My passion for the natural world has inspired my art since I first put pencil to paper as child. I grew up on the northern coast of California, between the cold Pacific ocean and the redwood forests. It was there that my love for nature and wilderness flourished. As I have grown I have combined my love for animals with my interest in both wildlife biology and mythology to create artwork that speaks to the current biological mythos that constructs the barrier between what is considered Human, and what is considered Animal.
Mirroring ancient myths of transformation in often grotesque ways, we find in contemporary times that animals are being transformed biologically due to interactions with human pollutants; there are frogs with triplicate legs and blind eyes, cows with shriveled sets of legs growing out of their backs, two faced piglets being born on factory farms and radioactive fish rotting from the inside in poisoned seas, the list goes on. I am interested in the power of these mutations both for their mythological allusions as well as their dire environmental implications. I hope to remind those who view my artwork that we too are animals, embedded in this fragile world even as we poison it.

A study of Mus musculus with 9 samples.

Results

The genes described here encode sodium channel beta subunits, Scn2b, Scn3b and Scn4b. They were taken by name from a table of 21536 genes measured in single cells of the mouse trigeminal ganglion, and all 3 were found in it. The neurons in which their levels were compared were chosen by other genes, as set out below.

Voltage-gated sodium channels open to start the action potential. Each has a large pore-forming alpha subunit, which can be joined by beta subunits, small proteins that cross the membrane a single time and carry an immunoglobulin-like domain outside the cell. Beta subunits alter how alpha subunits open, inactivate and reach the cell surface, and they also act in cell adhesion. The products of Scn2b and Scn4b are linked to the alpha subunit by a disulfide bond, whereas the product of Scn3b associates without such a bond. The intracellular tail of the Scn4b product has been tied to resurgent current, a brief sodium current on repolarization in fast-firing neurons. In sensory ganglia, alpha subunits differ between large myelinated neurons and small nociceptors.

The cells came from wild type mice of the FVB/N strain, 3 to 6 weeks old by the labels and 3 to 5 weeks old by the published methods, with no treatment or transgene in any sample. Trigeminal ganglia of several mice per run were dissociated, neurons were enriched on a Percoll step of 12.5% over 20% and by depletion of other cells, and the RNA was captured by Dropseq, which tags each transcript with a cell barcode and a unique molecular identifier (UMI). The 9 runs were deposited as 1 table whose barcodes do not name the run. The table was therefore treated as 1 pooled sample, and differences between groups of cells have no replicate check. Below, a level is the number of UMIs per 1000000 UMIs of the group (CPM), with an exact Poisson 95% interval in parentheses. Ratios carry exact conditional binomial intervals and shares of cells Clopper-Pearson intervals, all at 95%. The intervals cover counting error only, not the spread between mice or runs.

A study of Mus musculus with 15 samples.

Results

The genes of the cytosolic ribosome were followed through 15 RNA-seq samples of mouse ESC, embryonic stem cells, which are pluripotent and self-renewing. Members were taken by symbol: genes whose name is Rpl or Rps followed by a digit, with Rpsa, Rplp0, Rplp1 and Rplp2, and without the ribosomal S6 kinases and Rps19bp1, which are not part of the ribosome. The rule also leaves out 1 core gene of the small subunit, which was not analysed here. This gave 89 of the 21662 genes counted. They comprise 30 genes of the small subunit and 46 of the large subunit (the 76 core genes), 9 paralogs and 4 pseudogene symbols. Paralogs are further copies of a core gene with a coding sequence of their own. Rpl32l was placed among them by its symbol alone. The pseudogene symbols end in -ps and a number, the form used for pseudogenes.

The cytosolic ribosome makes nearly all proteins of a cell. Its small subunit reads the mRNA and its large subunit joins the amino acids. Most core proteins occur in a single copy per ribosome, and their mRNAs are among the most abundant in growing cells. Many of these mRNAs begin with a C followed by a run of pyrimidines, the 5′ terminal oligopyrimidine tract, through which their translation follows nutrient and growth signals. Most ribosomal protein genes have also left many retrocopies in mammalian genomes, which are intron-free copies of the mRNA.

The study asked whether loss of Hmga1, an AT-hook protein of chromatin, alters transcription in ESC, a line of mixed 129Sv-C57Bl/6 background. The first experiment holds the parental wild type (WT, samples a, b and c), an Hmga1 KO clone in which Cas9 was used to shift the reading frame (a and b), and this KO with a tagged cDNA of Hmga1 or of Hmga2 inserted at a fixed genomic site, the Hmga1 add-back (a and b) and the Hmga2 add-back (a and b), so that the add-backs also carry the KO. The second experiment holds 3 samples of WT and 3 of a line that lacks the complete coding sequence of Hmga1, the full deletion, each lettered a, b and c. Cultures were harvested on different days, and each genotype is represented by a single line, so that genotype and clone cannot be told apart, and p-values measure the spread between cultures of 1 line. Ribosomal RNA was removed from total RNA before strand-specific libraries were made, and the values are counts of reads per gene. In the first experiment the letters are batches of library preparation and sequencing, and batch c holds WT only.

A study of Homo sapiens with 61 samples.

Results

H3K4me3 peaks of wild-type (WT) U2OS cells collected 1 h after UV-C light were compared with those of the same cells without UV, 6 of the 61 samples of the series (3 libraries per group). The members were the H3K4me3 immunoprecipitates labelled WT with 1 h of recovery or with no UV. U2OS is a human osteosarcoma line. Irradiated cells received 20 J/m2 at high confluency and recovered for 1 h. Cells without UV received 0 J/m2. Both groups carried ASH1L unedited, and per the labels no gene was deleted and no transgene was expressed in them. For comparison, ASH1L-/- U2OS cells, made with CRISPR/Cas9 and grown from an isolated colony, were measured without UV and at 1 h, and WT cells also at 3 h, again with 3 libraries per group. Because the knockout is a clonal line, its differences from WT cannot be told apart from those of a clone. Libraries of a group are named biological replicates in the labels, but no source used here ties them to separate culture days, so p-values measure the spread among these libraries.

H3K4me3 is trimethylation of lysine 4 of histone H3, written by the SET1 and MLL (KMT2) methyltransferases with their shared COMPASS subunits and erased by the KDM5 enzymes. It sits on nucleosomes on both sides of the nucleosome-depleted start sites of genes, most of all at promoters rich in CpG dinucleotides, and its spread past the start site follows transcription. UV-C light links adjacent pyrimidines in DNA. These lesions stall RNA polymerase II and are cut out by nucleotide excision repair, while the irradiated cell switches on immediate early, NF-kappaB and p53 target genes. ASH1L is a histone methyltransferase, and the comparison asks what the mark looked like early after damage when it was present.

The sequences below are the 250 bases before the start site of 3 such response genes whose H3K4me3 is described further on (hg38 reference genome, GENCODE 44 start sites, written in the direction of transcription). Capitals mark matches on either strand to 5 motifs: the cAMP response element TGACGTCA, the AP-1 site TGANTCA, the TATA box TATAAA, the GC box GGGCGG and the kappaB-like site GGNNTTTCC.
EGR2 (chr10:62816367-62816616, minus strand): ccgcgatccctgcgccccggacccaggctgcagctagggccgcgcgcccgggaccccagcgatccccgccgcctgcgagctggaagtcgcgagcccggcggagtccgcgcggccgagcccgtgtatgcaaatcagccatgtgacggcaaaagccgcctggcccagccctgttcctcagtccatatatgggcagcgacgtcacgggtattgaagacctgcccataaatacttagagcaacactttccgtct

My work alludes to the boundaries that separate humans from animals both physically and metaphysically, and the way in which these boundaries are warped by science, mythology, and religion alike.
Like the gods of so many myths Humanity has warped the world into our own image, and it is this often frightening image I hope to reflect in my work.